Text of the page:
Sharon Palmer

It’s a pleasure to have Diana Campos-Jimenez, Programs Manager for Los Angeles Community Garden Council, on my Plant Chat today. Diana was raised in the San Fernando Valley, where she attended CSUN and received a BA in Sociology. She began working with Youth Speak Collective, a non-profit in Pacoima aimed at providing free services to youth at risk. During her time at Youth Speak, she managed 3 programs, Club Futbolito, Visual Arts program and Special Projects. With the help of the youth, they led a Water and Energy conservation campaign and many beautification projects. After her time at YSC, she moved onto Educare Foundation, a non-profit that focuses on after school programs. With her skills as a youth and community organizer, she assisted ESP and Lincoln High School. She led successful after school events and trips concerning issues such as environmental policy, bullying and team building. Now that she is with LACGC, she hopes to use her skills in an effective way to benefit her community. Her motto is: Effort is a reflection of interest. Continue reading to learn more about Diana’s work and passion for community gardens. Read more about the benefits of community gardens here.

In what ways have you seen positive change stem from implementing a community garden?

I’ve seen tighter communities and better communication between members. There’s more of an effort to share, like recipes and vegetables. The garden promotes exercise and physical activities in a safe space.

How might having a community garden make a positive impact in areas where there is a lack of access to fresh fruits and vegetables?

It helps enlighten and empower those who know they deserve space like a community garden. There’s a sense of appreciation and ownership. Especially if they are aware that they live in a food dessert area, so when it comes to advocating for more green spaces, we have a support system, because they know what it is to not have access to fresh fruits and vegetables.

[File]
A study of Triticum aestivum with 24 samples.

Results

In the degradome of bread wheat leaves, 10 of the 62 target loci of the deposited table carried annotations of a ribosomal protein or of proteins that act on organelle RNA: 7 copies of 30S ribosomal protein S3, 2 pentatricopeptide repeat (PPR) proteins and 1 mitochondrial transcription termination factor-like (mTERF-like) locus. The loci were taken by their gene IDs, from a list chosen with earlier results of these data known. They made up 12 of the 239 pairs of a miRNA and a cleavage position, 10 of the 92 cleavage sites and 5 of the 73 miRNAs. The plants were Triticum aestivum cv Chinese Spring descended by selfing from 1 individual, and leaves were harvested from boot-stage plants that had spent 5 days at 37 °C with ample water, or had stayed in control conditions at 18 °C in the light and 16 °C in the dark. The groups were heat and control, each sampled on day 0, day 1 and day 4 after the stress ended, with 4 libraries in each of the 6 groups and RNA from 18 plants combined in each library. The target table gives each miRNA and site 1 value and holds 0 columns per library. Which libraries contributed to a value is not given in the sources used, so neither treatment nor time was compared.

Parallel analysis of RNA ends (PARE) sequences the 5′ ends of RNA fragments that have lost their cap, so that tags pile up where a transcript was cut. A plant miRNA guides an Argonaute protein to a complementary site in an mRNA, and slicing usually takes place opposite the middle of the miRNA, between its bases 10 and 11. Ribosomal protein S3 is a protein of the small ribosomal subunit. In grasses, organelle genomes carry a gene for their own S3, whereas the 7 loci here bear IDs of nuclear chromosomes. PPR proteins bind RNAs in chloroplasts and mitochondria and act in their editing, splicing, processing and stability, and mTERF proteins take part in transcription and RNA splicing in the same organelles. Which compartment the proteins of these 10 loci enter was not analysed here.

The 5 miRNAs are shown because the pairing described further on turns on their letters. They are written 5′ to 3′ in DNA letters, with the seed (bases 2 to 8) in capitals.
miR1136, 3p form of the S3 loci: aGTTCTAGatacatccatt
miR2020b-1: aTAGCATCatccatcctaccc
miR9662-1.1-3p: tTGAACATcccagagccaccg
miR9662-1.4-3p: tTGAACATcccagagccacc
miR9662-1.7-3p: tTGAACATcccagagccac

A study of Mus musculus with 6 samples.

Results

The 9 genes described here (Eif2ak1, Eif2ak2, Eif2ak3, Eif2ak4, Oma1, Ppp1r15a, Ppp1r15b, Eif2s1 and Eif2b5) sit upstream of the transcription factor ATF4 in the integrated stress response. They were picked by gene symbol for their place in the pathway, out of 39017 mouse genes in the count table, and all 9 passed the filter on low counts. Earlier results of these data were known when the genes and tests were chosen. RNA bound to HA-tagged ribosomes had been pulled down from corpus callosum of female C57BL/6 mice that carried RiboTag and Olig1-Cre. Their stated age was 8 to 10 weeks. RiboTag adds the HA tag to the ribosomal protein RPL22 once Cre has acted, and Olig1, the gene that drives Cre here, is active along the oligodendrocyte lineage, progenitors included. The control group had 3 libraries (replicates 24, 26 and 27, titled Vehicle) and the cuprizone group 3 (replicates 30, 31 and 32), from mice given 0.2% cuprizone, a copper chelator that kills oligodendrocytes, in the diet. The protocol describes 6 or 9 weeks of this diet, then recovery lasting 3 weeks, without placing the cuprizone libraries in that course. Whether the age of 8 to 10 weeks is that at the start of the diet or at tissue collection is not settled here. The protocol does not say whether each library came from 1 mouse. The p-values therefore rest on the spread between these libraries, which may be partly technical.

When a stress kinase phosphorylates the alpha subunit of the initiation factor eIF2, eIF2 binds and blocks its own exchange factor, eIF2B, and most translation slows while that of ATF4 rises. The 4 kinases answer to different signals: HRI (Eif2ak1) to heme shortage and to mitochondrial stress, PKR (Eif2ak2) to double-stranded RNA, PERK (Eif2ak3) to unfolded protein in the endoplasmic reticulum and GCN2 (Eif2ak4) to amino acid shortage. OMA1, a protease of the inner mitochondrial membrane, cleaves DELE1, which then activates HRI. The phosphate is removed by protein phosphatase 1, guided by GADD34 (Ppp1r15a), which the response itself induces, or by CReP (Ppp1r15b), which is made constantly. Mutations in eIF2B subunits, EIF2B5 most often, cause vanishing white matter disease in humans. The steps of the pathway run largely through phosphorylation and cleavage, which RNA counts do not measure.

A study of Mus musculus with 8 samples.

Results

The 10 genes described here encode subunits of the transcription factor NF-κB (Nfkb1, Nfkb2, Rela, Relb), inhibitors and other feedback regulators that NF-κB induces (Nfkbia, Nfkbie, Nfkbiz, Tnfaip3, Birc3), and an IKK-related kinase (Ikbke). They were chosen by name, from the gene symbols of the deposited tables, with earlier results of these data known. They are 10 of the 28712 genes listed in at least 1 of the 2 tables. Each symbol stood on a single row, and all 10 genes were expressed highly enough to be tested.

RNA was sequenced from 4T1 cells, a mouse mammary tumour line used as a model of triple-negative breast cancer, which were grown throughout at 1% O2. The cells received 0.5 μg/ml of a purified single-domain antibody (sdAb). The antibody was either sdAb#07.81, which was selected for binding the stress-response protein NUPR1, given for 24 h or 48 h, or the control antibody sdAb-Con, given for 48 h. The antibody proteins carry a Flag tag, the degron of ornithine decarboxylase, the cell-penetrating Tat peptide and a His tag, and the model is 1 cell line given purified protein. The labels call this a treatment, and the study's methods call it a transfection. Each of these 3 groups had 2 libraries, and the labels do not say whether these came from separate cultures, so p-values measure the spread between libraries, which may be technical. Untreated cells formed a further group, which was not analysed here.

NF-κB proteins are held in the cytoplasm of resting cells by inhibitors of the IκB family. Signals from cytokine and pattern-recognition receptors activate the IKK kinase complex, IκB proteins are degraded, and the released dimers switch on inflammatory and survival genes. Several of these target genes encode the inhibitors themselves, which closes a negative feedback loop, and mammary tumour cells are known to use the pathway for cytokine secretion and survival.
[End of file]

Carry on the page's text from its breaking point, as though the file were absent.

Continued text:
What people or populations benefit from having a community garden?

Everyone benefits from a community garden! But from the 42 community gardens we manage, the populations vary depending on the site of the garden. For example, in Mariposa-Nabi, a garden located in what is known as Koreatown, you’ll find the population to be mostly women of Korean and Guatemalan decent. If you visit Pasadena Community Garden, the population there is mostly white middle-aged couples. In addition, in Stanford Avalon, a garden located in South LA, the majority of the gardeners are Mexican-American ranging from 30-70 years of age.

What are the steps to obtaining a plot in a community garden?

Every garden is different; most gardens require gardeners to live in the area, contribute a set amount of volunteer hours, then they get an application which asks for contact information, family size and reasons they want to belong to a garden. Some gardens require payment for the plot, which can range from $5 a month to $25 a month.

What services are provided in a plot at a community garden?

Most of our gardens have communal gardening tools, access to water (hoses or watering canteens) compost, soil, and every so often plants. Usually each garden has appointed a ‘Master Gardener’ who can teach gardeners best practices to attending their plots.

What are some tips for beginners at gardening in community gardening?

Grow what you know and do not over water. Tend weekly to your plot and participate with the communal areas.

What trends do you see with community gardens moving into the future?

Composting regularly seems to be popular at a lot of our gardens.

Are community gardens suitable for any community?  What are the pros and cons?

Yes, CGs are sustainable, they require a dedicated team of people, which can easily be replaced should they leave. We offer trainings for gardens that have had a recent change in leadership. Pros: Green spaces for communities, intergenerational gardeners passing down knowledge. Cons: Funding and spaces are required. Also, continual support from the community is needed.

What challenges have you faced in implementing or maintaining a community garden?

Land leases always change; so long-term agreements are encouraged. Water rates increases have affected a lot of our gardens, advocacy for policy change is needed. Funding is also an issue, because gardens require money for any immediate repairs or leaks.